Monday, March 24, 2008

...I need a partner, why?

A little while ago, a friend let her baby out in the world. She'd never submitted, or critted, or had anything to do with writers. Just Nano.

The thing about Nanowrimo is it's all about word count. You write, you count and if you hit a certain amount of words--it's, am, the and uh, included--you win. It's a feel-good version of writing to publish, with the razor edges blunted to make the dream accessible. Sometimes people publish. Sometimes they don't.

Sometimes...people use it as a springboard to learn more about the craft of writing. Paraphrasing Nora Roberts, it's easier to edit than create. my friend had a baby.

And joined an on-line writer's group--my fault, I pushed her--and got into the habit of writing and taking to other writers, some just starting out, some not so new. And like all writers, figured she needed feedback.

So she posted a thread for a critique partner.

The trouble with crit-partners is that all partners aren't created equal. Some are nice, some aren't. It's an agenda thing.


It means, "what's in it for me". Most trainers know that to create buy-in, you need to explain why. Like water, people flow downhill. To carve new canyons, you're going to need blasting caps.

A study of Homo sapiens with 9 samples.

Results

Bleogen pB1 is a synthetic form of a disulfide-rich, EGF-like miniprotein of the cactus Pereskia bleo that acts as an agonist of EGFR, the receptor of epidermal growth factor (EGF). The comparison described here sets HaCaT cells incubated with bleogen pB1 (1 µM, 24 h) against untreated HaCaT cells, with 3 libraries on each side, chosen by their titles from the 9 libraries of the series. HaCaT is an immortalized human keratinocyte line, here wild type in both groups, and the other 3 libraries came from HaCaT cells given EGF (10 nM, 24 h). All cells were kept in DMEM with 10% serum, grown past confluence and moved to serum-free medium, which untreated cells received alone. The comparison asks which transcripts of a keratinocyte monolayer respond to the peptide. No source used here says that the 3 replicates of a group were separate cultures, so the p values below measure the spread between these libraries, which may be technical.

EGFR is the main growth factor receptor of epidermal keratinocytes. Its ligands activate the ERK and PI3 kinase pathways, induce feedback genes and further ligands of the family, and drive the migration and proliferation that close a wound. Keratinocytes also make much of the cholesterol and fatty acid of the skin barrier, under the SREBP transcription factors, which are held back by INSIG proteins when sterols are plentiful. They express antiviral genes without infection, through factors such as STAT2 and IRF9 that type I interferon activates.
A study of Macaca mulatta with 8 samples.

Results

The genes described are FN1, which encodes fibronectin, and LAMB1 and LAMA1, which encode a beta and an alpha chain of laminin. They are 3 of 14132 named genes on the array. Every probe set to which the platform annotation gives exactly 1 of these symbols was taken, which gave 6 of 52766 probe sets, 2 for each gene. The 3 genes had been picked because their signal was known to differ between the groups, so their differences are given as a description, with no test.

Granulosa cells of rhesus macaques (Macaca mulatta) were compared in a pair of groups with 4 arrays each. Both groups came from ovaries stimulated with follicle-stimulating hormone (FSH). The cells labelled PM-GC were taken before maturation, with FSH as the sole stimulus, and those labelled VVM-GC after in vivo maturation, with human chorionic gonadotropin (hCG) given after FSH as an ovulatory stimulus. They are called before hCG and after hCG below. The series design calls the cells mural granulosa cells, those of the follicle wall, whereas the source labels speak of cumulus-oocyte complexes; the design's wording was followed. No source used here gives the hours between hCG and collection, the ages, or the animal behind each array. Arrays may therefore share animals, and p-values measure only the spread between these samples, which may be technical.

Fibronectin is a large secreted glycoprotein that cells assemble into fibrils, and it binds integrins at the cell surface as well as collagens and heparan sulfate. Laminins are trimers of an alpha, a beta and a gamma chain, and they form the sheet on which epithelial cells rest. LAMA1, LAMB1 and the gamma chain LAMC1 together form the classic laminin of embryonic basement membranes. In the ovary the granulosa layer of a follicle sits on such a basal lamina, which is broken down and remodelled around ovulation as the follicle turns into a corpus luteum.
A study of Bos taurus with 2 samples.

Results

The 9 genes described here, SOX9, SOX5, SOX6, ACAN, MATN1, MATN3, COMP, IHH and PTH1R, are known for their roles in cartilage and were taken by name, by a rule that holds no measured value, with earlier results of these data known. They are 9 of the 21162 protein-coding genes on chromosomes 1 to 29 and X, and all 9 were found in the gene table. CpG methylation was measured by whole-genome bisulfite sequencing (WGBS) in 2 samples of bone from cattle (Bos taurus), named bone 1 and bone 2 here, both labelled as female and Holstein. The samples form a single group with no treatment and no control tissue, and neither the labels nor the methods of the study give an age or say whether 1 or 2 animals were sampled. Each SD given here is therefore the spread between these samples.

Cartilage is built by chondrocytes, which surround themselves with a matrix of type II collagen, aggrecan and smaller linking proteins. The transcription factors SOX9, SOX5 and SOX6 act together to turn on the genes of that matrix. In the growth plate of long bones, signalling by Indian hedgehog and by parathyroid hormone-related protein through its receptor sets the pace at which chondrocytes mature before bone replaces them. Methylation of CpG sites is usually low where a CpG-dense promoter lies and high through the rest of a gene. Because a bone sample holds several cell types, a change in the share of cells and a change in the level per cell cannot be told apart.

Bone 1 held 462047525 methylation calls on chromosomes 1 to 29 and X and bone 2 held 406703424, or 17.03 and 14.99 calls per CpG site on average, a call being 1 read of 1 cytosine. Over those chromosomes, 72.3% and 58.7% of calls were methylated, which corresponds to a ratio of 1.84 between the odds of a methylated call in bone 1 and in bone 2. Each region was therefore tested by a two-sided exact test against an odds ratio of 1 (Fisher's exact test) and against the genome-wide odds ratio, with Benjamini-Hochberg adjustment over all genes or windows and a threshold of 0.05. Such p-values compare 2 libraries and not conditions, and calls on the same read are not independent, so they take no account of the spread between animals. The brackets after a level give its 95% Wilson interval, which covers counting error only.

In other words--each person needs to get something out of it.

My friend had nothing to offer. What she really needed was basic craft-work and a beta reader. Beta-readers are different from crit-partners because they aren't trying to "fix" you. They're there to tell you what works. When you're starting out, a friend--a good honest friend--who reads in your sub-genre, is the best partner.

Beta readers are right there in the trenches, reading. They know the market, they know more about craft than you'd guess--because they know what works for them.

Writing is nothing if not up close and personal. You need someone you can trust, and questions.

1) Does it make logical sense? If not, it's a structure/plot problem.

2) Were you bored anywhere? If yes--you need to learn to tighten and increase tension.

3) Did the characters interest you and the dialog work? There are great books and resources on character-building and dialog. The Greenhouse section of our website has links and articles.

4) How did the live-monkeys work for you? oops...wrong post.

Add more questions, tweak them, anything you want--just make sure to make them hard-copy and leave plenty of space for comments.

1 comment:

Unknown said...

This is an excellent topic. I'm glad I caught it now I can put it together in my mind with the other information that's on my blog about crit and beta partners and figure out what exactly I need! Thanks again!